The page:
Internet connects Murray with students

Naselle junior Austin Smith and freshman Grace Zimmerman are involved with a video conference with Sen. Patty Murray (on television monitor) concerning the usage of technology in the classroom. NHS Principal Karen Wirkkala and Superintendent Rick Pass look on as Smith and Zimmerman explain the pros and cons of online books.

NASELLE — “What is your opinion about using digital textbooks for learning? What are their advantages and disadvantages over the printed textbooks?” were the questions U.S. Sen. Patty Murray posed to Naselle junior Austin Smith and freshman Grace Zimmerman Thursday, June 9 during a teleconference with Western Washington students from four high schools.

“It can be difficult to find your place in a digital textbook if you have forgotten to bookmark where you are, especially if the book is 600 pages long,” Smith answered. “Sometimes the lighting can be a problem, but having everything on an iPad and not having to carry around a lot of books is an advantage.”

Zimmerman said, “Students with eye problems may have difficulty with digital textbooks, but storing an iPad is much easier than a locker full of books.” Both NHS students agreed that the “search” option for digital books is a great advantage.

Assistant Principal Jon Tienhaara asked Smith and Zimmerman to participate in the teleconference and Superintendent Rick Pass was instrumental in coordinating Naselle’s participation as he is on the ESD 112 technology committee. “Debbie Tschirgi helped make the teleconference with senator Murray a success. She is familiar with Naselle School District’s extensive use of technology in the classroom,” Pass said.

Students from Kelso High School were asked by Senator Murray, “Do you think that your school district should require each high school student to take an online course in order to graduate?” They answered that it is important courses are offered to provide students both the educational opportunities and also the experience in studying online. They did not believe online courses should be required.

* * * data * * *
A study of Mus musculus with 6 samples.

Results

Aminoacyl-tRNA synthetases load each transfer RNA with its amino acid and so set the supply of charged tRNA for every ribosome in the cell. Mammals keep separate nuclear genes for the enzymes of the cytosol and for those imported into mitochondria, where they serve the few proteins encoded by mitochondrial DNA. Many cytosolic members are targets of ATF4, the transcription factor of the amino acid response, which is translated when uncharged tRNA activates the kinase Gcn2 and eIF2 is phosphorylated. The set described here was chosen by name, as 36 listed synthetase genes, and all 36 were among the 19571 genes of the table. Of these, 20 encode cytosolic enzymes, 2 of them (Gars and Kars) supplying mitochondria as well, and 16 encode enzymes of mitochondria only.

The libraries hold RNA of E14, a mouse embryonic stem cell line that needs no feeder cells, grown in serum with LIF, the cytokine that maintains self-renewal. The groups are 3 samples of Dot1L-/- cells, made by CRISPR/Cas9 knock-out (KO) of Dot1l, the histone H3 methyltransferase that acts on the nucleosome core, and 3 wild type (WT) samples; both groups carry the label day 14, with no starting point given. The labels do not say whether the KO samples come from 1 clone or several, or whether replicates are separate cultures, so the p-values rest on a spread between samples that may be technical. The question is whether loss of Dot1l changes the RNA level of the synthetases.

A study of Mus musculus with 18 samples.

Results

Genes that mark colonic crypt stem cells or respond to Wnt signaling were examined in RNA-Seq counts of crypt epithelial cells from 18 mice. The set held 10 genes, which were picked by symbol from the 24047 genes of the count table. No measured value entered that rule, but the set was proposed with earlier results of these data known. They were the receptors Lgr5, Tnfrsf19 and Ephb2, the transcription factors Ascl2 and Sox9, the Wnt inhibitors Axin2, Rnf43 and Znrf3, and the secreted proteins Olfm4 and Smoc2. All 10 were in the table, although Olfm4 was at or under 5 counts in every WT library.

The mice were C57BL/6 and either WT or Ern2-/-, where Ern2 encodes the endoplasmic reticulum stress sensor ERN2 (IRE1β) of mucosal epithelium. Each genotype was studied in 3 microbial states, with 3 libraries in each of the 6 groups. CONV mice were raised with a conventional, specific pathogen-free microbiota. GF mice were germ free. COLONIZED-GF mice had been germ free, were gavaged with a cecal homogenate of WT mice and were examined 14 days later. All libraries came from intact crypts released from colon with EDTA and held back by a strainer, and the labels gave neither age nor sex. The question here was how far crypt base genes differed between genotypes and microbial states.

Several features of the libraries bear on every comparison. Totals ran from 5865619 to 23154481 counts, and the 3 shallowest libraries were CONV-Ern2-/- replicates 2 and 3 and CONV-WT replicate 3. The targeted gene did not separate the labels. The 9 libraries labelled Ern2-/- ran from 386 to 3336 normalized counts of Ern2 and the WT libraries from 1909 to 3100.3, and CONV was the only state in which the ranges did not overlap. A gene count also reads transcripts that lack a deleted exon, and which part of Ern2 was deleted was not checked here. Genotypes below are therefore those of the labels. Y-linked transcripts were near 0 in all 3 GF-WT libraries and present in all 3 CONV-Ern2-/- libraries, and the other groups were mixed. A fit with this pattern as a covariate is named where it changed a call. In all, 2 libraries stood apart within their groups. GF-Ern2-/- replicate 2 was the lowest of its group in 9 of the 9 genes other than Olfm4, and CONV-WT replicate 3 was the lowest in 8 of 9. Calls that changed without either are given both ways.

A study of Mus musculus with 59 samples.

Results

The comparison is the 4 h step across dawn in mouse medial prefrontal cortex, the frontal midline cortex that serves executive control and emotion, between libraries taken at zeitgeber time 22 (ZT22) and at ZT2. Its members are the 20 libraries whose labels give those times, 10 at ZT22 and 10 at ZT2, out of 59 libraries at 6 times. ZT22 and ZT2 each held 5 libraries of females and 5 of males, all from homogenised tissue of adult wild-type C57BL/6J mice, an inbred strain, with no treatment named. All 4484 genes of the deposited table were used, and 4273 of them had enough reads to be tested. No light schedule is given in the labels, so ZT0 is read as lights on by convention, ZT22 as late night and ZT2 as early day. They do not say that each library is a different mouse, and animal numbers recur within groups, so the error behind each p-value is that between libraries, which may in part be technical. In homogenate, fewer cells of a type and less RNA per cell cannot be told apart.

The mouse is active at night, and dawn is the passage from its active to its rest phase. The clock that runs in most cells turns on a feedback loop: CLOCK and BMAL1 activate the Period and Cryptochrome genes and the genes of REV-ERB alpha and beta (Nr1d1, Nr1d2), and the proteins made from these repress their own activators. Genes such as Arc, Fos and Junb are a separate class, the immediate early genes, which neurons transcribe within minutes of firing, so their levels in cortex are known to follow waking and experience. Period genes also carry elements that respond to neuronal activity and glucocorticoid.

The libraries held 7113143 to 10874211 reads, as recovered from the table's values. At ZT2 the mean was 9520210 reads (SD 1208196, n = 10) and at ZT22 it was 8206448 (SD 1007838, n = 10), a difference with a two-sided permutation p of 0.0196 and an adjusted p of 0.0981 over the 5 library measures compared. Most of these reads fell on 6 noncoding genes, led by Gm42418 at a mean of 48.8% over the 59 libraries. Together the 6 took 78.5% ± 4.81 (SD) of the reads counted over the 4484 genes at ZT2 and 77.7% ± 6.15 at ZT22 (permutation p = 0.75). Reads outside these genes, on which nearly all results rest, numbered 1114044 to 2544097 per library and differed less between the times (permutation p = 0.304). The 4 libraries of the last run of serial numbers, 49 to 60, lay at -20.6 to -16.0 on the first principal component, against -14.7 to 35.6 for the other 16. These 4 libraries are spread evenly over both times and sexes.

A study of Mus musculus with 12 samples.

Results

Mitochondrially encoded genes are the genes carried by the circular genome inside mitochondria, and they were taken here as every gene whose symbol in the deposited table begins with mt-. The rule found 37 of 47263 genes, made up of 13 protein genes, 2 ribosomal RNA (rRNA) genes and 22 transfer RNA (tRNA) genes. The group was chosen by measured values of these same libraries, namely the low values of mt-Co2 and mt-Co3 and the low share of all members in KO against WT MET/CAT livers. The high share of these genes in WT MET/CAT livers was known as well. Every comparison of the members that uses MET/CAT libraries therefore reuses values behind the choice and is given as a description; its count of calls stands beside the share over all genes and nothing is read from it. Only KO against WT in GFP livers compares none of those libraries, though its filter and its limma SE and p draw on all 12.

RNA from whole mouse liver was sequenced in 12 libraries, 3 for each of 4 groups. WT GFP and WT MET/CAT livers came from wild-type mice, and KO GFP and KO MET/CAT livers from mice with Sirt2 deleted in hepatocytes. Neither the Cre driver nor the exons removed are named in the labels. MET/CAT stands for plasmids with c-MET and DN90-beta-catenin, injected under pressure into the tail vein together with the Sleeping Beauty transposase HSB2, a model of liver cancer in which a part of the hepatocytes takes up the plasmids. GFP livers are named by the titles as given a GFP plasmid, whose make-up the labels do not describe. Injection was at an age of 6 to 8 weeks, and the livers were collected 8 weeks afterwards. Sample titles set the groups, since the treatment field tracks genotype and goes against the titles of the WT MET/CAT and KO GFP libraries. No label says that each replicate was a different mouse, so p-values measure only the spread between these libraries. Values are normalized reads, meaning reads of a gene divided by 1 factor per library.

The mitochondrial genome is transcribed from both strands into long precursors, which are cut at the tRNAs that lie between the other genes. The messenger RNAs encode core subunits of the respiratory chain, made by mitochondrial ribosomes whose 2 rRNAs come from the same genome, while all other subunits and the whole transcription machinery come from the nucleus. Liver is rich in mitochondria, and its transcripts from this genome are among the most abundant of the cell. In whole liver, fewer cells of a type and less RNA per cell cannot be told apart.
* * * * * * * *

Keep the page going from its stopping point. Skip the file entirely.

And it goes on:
“Should we consider using games for learning?” senator Murray asked students from Evergreen in Vancouver. They answered that strategy, problem solving, and puzzles were a part of learning. “Games such as hide-and-seek and tag have been played forever and they have helped mankind with survival skills,” Tyler Bounds said.

“When you think of how technology is used in schools today, what is working well? What is not working well?” Murray asked White Salmon students. They felt projectors and white boards were a necessity for learning and that laptop computers helped a great deal in being mobile. Outdated hardware and software were a problem and they felt that some teachers were not comfortable or adequately trained in technology.

Senator Murray had similar discussions with students from four high schools in both the Spokane and Seattle areas. “The main purpose of the teleconferences was to listen to the ideas of the students,” Tschirgi said.

“I am proposing the Attain Act to help school districts afford technology and teacher training where budget cuts have forced class sizes to grow,” Murray said. “The hope is that effective use of technology will help students obtain the best education possible, despite budget constraints.”

Smith said, “I thought the teleconference went pretty well, but there were a couple of other things I would have liked to have touched on, but we were limited to two minutes.” Zimmerman said, “I think this went well. I haven’t done much public speaking and this was a good experience for me.”